I'm building a sessions middleware for an http service and thought it might be a good idea to append hmac hashes of session id's, rather then setting bare session id's in cookies, but am a bit of a crypto novice. FYI - the service isn't protecting anything critical, it's just a side project of mine, which is why I'm rolling my own solution.

First, allow me to layout the general sessions design, and I'll follow with some specific questions. Here is an overview of my sessions service:

  1. Generate a random session id using an RFC 4122 version 4 uuid generator. I store this id in redis along with some other info (userID, expiry, etc.).
  2. Hash the byte array of this session id with hmac sha512. My hashing key was generated with openssl $ openssl rand -base64 64
  3. Append the bytes of the hmac hash to the the byte array of the session id. Base64 encode the resulting array, stringify and set as an http only, secure cookie.

Upon receiving a request from a client, verifying the user session is basically the steps above, but in reverse.

My questions are:

  1. Does appending the hmac hash to the session id offer any benefit above and beyond simply setting a version 4 uuid to the cookie? My thought was that I could verify the hmac signature using my key before pinging my db to check if the session id was expired. This would cut down trips to my db if someone were trying to guess at session id's.
  2. Is sha512 overkill for hashing my session id? My understanding is that it should be faster on a 64 bit machine.
  3. Is appending the hashed bytes array to the session id bytes array, base64 encoding and stringifying the result the proper way of storing this information in a cookie?
  4. Is $ openssl rand -base64 64 the proper way of generating a key for my purposes? Based on this discussion, my understanding is that my key length should optimally be between 64 and 128 bytes.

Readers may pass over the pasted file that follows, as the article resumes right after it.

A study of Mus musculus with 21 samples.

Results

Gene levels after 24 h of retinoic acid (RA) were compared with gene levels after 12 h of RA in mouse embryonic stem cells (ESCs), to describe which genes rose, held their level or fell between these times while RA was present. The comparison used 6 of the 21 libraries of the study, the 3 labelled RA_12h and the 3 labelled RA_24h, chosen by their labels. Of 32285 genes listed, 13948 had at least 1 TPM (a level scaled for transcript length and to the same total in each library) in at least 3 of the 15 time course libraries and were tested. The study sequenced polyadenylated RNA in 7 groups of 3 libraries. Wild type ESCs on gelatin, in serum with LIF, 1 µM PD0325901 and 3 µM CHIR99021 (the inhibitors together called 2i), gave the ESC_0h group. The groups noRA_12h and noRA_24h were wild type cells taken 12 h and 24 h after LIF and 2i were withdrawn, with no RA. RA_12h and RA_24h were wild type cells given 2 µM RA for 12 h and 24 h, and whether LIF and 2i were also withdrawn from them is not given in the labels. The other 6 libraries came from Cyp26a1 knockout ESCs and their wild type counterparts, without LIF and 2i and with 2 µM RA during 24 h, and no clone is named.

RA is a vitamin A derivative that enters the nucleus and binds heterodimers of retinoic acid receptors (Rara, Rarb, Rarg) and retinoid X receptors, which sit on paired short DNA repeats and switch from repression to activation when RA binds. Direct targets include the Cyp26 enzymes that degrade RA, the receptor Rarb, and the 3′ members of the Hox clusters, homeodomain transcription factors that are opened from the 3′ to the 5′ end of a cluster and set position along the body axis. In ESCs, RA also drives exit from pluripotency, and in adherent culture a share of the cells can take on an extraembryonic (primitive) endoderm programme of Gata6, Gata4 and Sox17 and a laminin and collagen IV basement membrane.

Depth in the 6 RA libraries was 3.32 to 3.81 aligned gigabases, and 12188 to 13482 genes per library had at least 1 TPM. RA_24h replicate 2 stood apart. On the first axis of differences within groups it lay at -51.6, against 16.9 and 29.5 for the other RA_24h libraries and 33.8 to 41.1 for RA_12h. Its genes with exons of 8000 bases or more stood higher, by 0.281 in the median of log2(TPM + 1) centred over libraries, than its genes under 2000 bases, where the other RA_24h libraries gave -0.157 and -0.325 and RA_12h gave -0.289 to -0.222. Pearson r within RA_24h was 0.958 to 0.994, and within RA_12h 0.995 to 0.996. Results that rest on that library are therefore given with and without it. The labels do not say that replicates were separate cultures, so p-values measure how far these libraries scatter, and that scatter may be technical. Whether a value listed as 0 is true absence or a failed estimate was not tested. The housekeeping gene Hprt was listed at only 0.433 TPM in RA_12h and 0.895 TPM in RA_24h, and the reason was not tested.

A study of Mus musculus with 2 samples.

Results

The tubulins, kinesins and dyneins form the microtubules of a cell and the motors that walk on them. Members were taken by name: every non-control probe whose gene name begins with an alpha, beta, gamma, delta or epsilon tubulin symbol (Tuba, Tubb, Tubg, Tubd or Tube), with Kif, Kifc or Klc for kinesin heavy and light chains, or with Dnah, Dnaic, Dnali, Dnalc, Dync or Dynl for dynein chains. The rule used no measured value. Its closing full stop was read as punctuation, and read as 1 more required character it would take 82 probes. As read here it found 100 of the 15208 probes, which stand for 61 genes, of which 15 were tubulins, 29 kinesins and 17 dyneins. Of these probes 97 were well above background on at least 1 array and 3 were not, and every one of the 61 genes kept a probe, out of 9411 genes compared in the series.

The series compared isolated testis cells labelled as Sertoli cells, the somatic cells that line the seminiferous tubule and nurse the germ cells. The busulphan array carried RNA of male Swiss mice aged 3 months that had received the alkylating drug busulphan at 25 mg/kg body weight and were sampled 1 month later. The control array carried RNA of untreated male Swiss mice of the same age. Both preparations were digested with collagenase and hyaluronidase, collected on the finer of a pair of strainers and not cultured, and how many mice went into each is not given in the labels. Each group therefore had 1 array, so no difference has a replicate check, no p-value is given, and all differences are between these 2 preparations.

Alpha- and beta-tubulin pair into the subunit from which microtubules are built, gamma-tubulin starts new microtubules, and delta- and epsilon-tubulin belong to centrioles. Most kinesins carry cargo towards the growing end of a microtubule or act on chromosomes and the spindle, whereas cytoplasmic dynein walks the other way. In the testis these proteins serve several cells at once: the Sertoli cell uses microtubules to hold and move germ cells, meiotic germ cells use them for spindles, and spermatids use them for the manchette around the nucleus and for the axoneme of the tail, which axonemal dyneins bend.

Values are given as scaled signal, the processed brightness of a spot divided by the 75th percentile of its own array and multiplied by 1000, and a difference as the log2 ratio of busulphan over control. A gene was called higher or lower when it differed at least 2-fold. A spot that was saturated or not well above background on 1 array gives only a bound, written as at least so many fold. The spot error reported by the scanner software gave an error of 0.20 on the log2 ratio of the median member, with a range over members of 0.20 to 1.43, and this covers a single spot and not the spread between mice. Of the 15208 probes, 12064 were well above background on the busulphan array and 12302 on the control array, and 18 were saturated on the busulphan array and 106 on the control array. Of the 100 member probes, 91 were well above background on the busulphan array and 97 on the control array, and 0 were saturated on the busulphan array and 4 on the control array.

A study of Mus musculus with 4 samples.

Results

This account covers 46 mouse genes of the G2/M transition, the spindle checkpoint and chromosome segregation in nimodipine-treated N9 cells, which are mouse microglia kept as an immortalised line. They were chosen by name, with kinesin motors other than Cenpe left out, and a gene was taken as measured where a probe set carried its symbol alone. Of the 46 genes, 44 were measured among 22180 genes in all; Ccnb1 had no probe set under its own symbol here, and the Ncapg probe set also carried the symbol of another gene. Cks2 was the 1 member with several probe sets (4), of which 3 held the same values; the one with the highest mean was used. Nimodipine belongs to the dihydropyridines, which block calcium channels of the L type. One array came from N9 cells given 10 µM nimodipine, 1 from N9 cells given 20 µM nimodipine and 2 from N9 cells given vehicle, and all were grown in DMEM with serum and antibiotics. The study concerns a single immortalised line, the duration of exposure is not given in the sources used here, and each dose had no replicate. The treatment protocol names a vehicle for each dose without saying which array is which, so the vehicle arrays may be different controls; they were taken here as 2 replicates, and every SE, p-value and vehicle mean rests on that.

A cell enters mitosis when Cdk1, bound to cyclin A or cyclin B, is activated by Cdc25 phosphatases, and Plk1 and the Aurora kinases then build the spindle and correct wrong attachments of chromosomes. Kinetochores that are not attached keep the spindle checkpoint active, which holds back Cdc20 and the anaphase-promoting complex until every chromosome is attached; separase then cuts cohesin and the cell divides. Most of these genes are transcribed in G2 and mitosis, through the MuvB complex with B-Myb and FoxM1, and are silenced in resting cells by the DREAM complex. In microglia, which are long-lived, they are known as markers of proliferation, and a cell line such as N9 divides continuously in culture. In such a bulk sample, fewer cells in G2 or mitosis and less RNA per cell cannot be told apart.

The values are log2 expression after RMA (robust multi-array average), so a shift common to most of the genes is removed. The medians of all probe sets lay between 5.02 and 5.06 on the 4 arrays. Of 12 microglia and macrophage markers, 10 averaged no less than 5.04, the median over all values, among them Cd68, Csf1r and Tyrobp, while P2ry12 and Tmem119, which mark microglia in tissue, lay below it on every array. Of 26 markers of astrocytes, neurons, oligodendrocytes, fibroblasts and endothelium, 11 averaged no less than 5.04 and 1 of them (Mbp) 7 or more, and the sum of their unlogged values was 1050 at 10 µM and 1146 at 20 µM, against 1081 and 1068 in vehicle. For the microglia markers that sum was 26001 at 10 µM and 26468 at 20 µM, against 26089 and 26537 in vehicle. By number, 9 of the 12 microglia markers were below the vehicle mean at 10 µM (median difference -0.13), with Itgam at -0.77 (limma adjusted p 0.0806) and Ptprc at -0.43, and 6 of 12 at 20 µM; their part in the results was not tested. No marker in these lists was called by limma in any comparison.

5. Anything else you want to add? Anything I've overlooked?

Thanks for your input. Cheers!

  • $\begingroup$ Verification that the cookie val was originated from my server. $\endgroup$ – adam-m-hanna Apr 28 '17 at 22:30
  • $\begingroup$ And verification of that gives you? What kind of security are you looking for? HMAC is not hacker repellent, it gives you some security assumptions, none of which are useful for cookies IMO. $\endgroup$ – axapaxa Apr 28 '17 at 23:08
  • $\begingroup$ To clarify: Why don't you use HTTPS to secure your session(s)? After all, that's what it was made for and SSL certificates aren't expensive either (some even come for free)… so there's not much reason to not use it. Your use of OpenSSL underlines that there shouldn't be a technical problem to use HTTPS either. What is stopping you from using well-vetted SSL solution(s) and what makes you reinvent the wheel instead? Reducing REDIS db load the way you are describing doesno't really seem to make much sense… but maybe I'm missing something, or I didn't grasp your actual intend. $\endgroup$ – e-sushi Apr 29 '17 at 11:28

As you found out yourself, The main benefit is eliminating the database query for authenticating the cookie.

2. Is sha512 overkill for hashing my session id? My understanding is that it should be faster on a 64 bit machine.

The storage/bandwidth constraint is probably more significant than the speed constraint, as cookies are limited to 4K. So as a general design guideline it would be better to use a 256 bit hash. You can achieve that by using only 256 bits from the hash generated by SHA512.

3. Is appending the hashed bytes array to the session id bytes array, base64 encoding and stringifying the result the proper way of storing this information in a cookie?

This is not really a cryptography question but a software engineering question. In a nutshell, you'd want the cookie to be formatted such that you and others will be able to debug problems and fix your code even long into the future.

4. Is $ openssl rand -base64 64 the proper way of generating a key for my purposes? Based on this discussion, my understanding is that my key length should optimally be between 64 and 128 bytes.

Once again a software engineering question. Assuming you write your code in some programming language other than bash, you're better off using a cryptography library for this language. As for the key length, 32 bytes (256 bits) should be enough.

5. Anything else you want to add? Anything I've overlooked?

Try looking at the implementation of established libraries. Not sure what you want to use this for and which language you'll be using, so it is hard to give the right recommendation. One Python example that pops into mind is this but once again maybe you're into a different use case.